A big win for the Summit County Clubhouse
The Summit County Clubhouse has found a new home!
The Clubhouse was created to provide an inclusive community where adults living with mental illness can achieve their highest potential and they recently received the news they have been approved for their Conditional Use Permit by the Snyderville Basin Planning Commission. This permit allows for the donor purchase of 6304 Highland Drive in Park City to become their long-term home.
Clubhouse: Making an Impact
CONNECT Summit County’s Impact Director Wendy O’Leary is a long-time professional mental health advocate and has a family member who has personally benefited from a Clubhouse in another location. She says what has been hands down the most difficult resource to link these families and individuals to has been the support of their community. “These families and individuals are often alone on their journey through mental illness – trying to work jobs, take care of themselves and their relationships, their homes, pets, elderly relatives and other family members who do not have a mental illness, while trying to be the sole companion and friend of the family member with a serious mental illness – because there is no place for them in their own community. No place for them to develop friendships, discover innate abilities and talents, develop work skills and pursue vocational interests. No place where they can learn how to contribute to their community in meaningful ways.”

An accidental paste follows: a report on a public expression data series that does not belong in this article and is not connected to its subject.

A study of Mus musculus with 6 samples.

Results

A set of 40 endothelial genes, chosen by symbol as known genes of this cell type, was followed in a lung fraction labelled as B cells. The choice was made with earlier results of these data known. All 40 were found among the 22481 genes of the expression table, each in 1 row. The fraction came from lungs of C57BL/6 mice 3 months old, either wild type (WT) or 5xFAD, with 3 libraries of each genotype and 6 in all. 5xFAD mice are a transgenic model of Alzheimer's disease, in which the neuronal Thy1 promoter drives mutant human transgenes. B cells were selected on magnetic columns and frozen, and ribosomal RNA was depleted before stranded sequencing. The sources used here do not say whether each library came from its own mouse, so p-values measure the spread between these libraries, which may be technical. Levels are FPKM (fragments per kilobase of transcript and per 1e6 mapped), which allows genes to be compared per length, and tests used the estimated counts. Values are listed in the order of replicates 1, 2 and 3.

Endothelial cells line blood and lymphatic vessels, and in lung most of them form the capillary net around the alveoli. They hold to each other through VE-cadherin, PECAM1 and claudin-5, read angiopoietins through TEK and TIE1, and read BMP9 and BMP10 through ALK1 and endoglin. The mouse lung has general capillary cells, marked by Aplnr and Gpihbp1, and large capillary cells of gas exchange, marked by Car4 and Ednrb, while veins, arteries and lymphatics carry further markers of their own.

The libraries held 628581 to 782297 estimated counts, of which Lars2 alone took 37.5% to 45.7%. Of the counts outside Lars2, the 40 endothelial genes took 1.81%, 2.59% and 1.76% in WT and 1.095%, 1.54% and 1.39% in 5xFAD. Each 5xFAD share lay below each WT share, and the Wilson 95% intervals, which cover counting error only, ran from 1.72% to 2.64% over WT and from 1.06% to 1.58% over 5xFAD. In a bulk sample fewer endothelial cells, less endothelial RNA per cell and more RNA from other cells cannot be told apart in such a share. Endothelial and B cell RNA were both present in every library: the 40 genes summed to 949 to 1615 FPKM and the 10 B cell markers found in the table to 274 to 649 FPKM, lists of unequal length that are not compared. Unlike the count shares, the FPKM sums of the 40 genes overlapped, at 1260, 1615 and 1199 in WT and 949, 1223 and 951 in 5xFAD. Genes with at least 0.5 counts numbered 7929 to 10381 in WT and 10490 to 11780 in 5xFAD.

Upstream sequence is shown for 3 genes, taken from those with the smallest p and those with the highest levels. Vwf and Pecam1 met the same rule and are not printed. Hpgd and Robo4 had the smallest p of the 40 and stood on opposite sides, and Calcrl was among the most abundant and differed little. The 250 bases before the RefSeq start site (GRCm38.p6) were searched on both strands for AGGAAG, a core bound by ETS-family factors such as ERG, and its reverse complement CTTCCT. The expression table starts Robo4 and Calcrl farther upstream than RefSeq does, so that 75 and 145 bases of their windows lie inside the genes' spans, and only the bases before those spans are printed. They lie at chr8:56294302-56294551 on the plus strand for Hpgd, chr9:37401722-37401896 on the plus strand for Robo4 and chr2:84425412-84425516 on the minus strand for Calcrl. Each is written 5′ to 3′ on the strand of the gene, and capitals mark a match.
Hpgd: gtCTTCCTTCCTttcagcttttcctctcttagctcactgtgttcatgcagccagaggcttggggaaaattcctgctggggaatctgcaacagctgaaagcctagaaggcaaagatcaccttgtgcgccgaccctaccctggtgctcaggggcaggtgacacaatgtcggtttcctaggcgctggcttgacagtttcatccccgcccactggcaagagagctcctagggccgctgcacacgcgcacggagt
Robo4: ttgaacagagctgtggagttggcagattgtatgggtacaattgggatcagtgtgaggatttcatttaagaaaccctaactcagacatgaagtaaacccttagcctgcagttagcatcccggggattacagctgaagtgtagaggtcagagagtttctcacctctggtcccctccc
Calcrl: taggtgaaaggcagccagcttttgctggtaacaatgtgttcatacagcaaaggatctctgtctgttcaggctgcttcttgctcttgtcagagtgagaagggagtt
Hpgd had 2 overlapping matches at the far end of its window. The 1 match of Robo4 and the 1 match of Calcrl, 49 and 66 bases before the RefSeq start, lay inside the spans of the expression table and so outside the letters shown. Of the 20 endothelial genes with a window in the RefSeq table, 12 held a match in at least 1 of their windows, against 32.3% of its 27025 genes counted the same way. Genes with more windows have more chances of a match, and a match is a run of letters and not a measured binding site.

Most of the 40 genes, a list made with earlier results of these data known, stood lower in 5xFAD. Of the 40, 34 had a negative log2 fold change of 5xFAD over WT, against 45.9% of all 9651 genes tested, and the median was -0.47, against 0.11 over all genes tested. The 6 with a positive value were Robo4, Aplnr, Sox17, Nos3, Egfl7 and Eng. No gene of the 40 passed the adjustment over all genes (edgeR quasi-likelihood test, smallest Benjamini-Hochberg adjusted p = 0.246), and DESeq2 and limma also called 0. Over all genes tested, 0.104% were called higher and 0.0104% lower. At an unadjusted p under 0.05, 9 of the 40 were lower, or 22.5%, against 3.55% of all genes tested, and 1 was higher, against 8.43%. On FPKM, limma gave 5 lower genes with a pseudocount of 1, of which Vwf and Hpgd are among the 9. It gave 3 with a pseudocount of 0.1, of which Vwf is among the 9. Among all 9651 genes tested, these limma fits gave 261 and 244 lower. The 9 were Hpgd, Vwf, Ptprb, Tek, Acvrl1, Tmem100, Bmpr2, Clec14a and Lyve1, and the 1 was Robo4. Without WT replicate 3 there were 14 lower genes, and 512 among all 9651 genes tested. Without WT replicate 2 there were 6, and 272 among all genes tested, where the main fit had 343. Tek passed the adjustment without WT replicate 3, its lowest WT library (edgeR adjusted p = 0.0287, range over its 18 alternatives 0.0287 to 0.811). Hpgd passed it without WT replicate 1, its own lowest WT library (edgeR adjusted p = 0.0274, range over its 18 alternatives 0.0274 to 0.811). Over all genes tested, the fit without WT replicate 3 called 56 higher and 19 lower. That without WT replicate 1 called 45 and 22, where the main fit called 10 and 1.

When she discovered the Clubhouses in Salt Lake City and Toole, she immediately and intuitively knew this was a place where individuals with serious mental illness could go and find a sense of community and belonging. “I started referring young adults to the Clubhouses and almost without exception they thrived. They found a community of mutual support as they each developed their own unique recovery path – their unique way of reintegrating into their larger communities as healthy productive contributing members of society,” she says.
Wendy watched her loved one with serious mental illness be excluded by well-meaning relatives, friends, neighbors and the community at large and with very little support so she moved to another state to obtain better treatment and services for him. He was referred to a Clubhouse and he began having a place to go all day while his family members were at work and school…he had a place where he belonged. He was able to hone and utilize his social media and graphic design skills as part of their media team – producing a newsletter, monthly calendar and posting on social media for the Clubhouse. The Clubhouse provided him with a safe place to go, a sense of belonging and community at a very critical juncture in his life.
According to the Summit County Health Department’s Director of Behavioral Health Aaron Newman, the approval of the Summit County Clubhouse’s Conditional Use Permit is an amazing milestone for behavioral health in Summit County.
Wendy adds that mental health treatment is way more than medication and a weekly therapy appointment–it includes all aspects of a person’s life. “We need access to a place that nurtures these other vital elements of recovery from mental illness,” she says. “Clubhouse isn’t a mental health treatment facility and its members are not identified by their diagnosis but rather their humanity, their individual qualities and talents and how to integrate their unique gifts within the community and that helps to remove the negative perceptions (stigma) about people with mental illness broadly in the community.”
To learn more, go to SummitCountyClubhouse.org.